Katie Aramento, Blog Editor
“The Last Ship” has set sail.
The Broadway musical conceived and composed by rock-legend Sting, officially ended its run at the Neil Simon Theatre Jan. 24, after having 29 previews and 105 regular performances. Even in last-ditch efforts to increase ticket sales by actually putting Sting in a supporting role in the show, it was impossible to recoup the original $15-million investment with mediocre audiences.
I had the opportunity to see Sting perform in “The Last Ship” the night before its closing date was announced, and I thoroughly enjoyed the show. However, it is important to address the fact that the show placed little efforts on marketing from the start.
While I strongly believe that Broadway audiences should be open to new and original works, it is inevitable that the majority of average theatergoers won’t go see something new unless they are handed information about the plot on a silver platter. That isn’t necessarily the fault of the marketing and PR teams as Sting almost constantly did interviews regarding his work on the production, and theater magazines such as Playbill and Broadway.com produced multiple articles about the show.
That being said, if I were not an avid reader of either of these websites, I wouldn’t have had a clue regarding what “The Last Ship” was about. Perhaps the show would have received more attention if smaller details were accentuated. Putting Sting’s name on the poster almost definitely would have drawn in more audiences.
Not all of the blame for the show’s closing can be placed on marketing, though. Although Sting’s music was spectacular, the show’s plot left something to be desired. It became difficult to keep up with all of the moving parts. The show detailed a love triangle, a priest’s death, the building of a new ship, family issues and the overall lives of about six principal characters. The story was not many pieces woven together, but rather included multiple different sections that were blurrily combined to create a two-hour musical. Additionally, the show’s plot, while choppy, revolves around the struggles of shipbuilding in the English town of Wallsend. While American audiences may be able to appreciate the value of the shipbuilding industry, I don’t think that they have a full connection to the content of the show. Simply put, most people just aren’t concerned about the well being of shipbuilders on the English waterfront these days.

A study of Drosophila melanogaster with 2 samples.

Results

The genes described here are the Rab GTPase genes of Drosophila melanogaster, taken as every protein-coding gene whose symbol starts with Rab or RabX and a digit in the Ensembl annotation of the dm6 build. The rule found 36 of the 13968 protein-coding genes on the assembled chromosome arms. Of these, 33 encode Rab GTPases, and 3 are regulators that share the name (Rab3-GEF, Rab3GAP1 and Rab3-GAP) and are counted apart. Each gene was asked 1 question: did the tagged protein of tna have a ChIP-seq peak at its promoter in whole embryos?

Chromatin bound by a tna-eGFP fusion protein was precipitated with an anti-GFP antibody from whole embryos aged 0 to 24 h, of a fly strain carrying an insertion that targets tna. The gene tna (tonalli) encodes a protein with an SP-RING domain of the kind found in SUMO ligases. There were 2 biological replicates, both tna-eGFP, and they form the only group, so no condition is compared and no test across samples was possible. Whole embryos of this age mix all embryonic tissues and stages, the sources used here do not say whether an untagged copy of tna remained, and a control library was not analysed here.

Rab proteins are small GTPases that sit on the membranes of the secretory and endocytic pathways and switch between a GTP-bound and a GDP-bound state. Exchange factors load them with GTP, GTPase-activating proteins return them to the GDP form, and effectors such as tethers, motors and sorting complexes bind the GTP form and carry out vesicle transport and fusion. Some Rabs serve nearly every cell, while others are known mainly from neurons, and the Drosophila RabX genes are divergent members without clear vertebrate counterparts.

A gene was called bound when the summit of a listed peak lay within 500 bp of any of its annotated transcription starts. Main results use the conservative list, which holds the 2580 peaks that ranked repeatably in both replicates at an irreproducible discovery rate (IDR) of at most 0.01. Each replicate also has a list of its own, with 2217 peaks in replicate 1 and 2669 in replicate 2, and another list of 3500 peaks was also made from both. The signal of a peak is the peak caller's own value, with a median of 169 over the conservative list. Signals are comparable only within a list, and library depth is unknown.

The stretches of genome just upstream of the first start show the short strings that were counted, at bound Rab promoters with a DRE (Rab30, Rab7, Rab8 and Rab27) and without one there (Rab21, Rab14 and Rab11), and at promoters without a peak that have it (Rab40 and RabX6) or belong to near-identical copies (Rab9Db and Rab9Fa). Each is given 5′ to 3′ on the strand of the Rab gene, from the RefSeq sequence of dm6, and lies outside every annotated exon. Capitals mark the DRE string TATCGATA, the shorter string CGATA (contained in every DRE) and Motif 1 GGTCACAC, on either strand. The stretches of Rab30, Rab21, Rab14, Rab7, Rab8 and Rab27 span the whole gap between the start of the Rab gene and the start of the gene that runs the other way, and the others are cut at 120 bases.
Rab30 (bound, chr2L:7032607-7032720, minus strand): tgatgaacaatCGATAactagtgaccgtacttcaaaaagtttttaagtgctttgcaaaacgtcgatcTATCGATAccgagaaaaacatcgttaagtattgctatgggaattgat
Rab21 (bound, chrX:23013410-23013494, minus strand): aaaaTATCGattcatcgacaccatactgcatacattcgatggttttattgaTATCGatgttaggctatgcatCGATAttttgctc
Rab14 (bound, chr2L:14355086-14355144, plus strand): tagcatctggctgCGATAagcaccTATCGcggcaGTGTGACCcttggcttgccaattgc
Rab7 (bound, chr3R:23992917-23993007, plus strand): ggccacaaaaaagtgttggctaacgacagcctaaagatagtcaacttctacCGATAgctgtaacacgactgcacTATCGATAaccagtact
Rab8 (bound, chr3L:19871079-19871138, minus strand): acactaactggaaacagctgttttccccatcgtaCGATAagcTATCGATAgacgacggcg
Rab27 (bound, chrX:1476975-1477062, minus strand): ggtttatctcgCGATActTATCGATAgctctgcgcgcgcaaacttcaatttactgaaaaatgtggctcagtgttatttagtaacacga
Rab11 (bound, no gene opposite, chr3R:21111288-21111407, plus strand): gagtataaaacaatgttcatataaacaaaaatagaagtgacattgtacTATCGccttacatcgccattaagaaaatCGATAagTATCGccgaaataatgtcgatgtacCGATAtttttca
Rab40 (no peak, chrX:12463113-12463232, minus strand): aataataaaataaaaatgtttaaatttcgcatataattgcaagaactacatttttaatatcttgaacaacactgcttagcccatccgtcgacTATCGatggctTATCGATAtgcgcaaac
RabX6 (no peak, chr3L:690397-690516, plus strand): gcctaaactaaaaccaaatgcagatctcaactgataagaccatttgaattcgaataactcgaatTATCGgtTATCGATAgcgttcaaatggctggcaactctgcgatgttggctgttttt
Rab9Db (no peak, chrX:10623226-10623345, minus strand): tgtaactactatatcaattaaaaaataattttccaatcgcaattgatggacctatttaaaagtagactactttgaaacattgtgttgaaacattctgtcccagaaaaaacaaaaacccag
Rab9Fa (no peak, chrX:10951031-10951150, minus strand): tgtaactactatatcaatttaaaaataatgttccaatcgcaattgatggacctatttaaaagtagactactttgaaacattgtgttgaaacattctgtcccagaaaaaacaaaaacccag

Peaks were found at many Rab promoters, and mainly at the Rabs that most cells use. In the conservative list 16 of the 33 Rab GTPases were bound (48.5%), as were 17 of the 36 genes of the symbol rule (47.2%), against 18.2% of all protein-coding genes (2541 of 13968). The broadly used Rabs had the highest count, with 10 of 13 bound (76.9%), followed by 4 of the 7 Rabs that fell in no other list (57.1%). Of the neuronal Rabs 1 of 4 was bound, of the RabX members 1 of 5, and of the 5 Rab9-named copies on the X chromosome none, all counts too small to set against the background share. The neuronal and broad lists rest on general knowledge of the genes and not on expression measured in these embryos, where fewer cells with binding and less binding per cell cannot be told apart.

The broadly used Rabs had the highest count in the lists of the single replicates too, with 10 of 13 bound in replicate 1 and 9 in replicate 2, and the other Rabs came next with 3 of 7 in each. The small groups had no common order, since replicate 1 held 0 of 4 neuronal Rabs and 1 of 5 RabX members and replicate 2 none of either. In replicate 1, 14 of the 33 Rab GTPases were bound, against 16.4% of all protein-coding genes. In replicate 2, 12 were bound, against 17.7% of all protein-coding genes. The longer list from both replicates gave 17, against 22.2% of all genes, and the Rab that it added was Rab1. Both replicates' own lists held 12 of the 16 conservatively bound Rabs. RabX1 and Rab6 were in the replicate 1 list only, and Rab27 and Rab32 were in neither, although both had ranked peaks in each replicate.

“The Last Ship” isn’t the only musical to suffer from plot-related mishaps. Even after a video of the opening night performance was broadcast live in Times Square, “Side Show” closed after 31 previews and 91 regular performances. I would argue, as Jack Tantleff, the show’s creative producer has said, that Broadway shows that address serious issues — “Side Show” detailed the lives of conjoined twins who were exploited in vaudeville during the 1920s — tend to close faster than those like “Aladdin” or “Wicked,” which are fun-loving and less heavy. The same can be said of shows like “The Bridges of Madison County,” which detailed an affair, or “Bonnie and Clyde,” which told the intense and ultimately fatal story of the historic duo. Not only is the average Broadway ticket-buyer looking for a spectacle, but they also ultimately want to leave the theatre happy instead of emotionally fulfilled. A popular Broadway-themed club in Manhattan, 54 Below, even introduced a recent concert entitled “If It Only Even Runs a Minute,” which features musical numbers from shows that, in the minds of Broadway fans, closed too soon.
“The Last Ship” may have been too serious of a show for the average American theatregoer. Marketing and PR teams, no matter how much of a weight they carry, can’t be obligated to take the blame for content issues. However, I’ll still be listening to the show on repeat, just as I did with “Bridges” and “Bonnie and Clyde.”